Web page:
Omega 3 fish oil and its effect on mood and mental function

Copyright 2006 David McEvoy

If you have lost your joie de vivre, then there is every chance that you are deficient in the essential fatty acids required for regulating mood and for efficient functioning of the brain. It is now well documented that insufficient Omega 3 fatty acids in the diet not only leads to an increased risk of developing physical health problems like heart disease and atherosclerosis, but also to mood and learning related disorders.

Studies show that people who are suffering from depression, bipolar disorder, ADHD, ADD, postnatal depression, PMS, dyslexia and many other mood and learning related disorders have low levels of the essential Omega 3 fatty acids in their blood. High levels of the equally essential but over abundant Omega 6 fatty acids have also been found. This imbalance can turn out to be extremely debilitating for some, or it could simply mean low moods, an inability to concentrate and focus, irritability and a general feeling of malaise for others.

Over the past 70 years or so, we have dramatically increased our consumption of Omega 6 and all but annihilated our intake of Omega 3 and the staggering reality is that very few of us are actually getting the amount of Omega 3 we need. Fish oil contains the Omega 3 fatty acids Eicosapentaenoic acid (EPA) and Docosahexaenoic acid (DHA), both of which are vital for healthy brain development and function. Putting physical health problems aside, those of us who have low blood levels of Omega 3 are more likely to adopt a negative outlook on life, to behave impulsively and to feel depressed according to researchers at the University of Pittsburgh.

It stands to reason that if we increase our intake of Omega 3 fatty acids in the form of fish oil, then we might be able to improve mood and reduce, eliminate or even prevent many of the symptoms associated with a lack of these fatty acids. And this is exactly what researchers have found.

What the research says…

• According to a study led by Lawrence Whalley, a mental health professor at Aberdeen University, fish oil appears to help the brain to work faster, it increases IQ scores and slows down the ageing process by reducing inflammation.

• The Durham trials led by Dr Madeleine Portwood have consistently shown that fish oil with a high EPA content improves behaviour, concentration and learning resulting in better grades at school. • Adelaide University, who also used high EPA fish oil, claimed it to be an effective treatment for ADHD.

• Research led by Dr Andrew Stoll looked at the effect of Omega 3 fatty acids on Bipolar disorder and found that fish oil reduced the severity of the symptoms.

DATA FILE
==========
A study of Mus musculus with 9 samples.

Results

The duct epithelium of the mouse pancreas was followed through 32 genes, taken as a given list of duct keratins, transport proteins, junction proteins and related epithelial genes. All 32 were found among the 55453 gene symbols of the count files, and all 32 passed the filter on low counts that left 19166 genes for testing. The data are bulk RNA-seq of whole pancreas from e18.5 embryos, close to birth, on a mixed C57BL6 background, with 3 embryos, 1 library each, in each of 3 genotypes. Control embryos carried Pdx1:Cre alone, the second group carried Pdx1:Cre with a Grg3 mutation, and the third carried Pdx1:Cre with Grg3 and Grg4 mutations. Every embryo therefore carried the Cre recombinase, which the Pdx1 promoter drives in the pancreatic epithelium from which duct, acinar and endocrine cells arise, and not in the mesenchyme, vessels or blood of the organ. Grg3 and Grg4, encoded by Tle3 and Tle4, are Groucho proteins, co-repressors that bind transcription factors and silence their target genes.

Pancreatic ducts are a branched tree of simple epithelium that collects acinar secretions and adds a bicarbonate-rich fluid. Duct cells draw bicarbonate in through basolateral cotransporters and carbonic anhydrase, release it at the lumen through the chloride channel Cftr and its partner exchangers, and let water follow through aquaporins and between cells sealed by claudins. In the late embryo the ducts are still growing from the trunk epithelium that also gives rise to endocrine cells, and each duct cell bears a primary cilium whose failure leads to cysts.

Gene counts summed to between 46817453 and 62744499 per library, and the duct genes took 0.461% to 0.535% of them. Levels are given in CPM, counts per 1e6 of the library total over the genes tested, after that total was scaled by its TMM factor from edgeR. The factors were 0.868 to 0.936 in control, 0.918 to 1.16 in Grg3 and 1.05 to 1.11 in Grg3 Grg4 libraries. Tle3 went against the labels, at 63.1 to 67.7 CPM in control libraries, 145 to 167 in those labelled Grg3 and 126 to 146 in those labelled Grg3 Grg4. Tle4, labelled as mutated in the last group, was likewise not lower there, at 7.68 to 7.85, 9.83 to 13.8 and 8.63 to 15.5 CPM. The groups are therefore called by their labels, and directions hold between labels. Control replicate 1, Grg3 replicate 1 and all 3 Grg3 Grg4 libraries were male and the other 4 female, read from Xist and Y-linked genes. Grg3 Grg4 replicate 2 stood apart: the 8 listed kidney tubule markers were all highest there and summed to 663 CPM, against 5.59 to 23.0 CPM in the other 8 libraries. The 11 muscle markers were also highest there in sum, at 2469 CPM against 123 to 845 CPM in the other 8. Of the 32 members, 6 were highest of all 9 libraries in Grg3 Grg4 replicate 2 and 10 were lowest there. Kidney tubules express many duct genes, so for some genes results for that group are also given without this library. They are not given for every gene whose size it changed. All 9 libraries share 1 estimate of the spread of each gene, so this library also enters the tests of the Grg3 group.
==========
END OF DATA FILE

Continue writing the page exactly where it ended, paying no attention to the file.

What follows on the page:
• Hibbeln et al found a direct link between lower fish consumption and the risk of developing postnatal depression and that research spanned 22 countries.

• An Italian study by Fontani et al concluded that Omega 3 supplementation improves complex cortical processing with improvements in mood and a reduction in anger, anxiety and depression

These examples represent only a fraction of the studies conducted but they demonstrate just how effective fish oil can be in positively influencing mood and mental functioning.

But one of the biggest studies to date on the effect of Omega 3 fatty acids on depression was conducted by Malcolm Peet at Sheffield University who found that ethyl-EPA, a highly concentrated and purified form of the Omega 3 fatty acid EPA, dramatically reduced depression. He, along with a growing number of others, now believe that EPA is the fatty acid primarily responsible for the profound effect on mood and brain functioning and not DHA as once was thought.

EPA versus DHA

Although we need both EPA and DHA equally, as Ralph Holman, an expert on fatty acids once said “DHA is structure and EPA is function”. We need DHA for the proper development of the brain during pregnancy and through the first few years of life, but the rest of the time we need EPA for the brain to function efficiently. Some research has also indicated that the presence of DHA might actually interfere with the beneficial properties of EPA making it somewhat less effective than fish oil with a very high EPA content.

How EPA works

No one yet knows exactly how EPA works, but it is believed to reduce inflammation, thin the blood, increase serotonin levels, and improve blood flow to the brain leading to greater inter-connectivity in the neural networks. EPA and other fatty acids we consume compete with each other to be converted into eicosanoids. These hormone-like compounds will either be pro-inflammatory or anti-inflammatory depending on the type of fatty acid that dominated at the time, for example, Omega 3 or Omega 6.

As EPA is constantly being used up as it were, we need to replenish our supplies in order to inhibit overproduction of pro-inflammatory eicosanoids, which is known to put us at greater risk of depression and other health problems. Conclusion

Fish oil may not be a panacea for mental health problems, but there is little doubt that supplementing with fish oil high in EPA has the ability to improve mental functioning and to make a profound difference to the symptoms associated with mood related conditions like depression.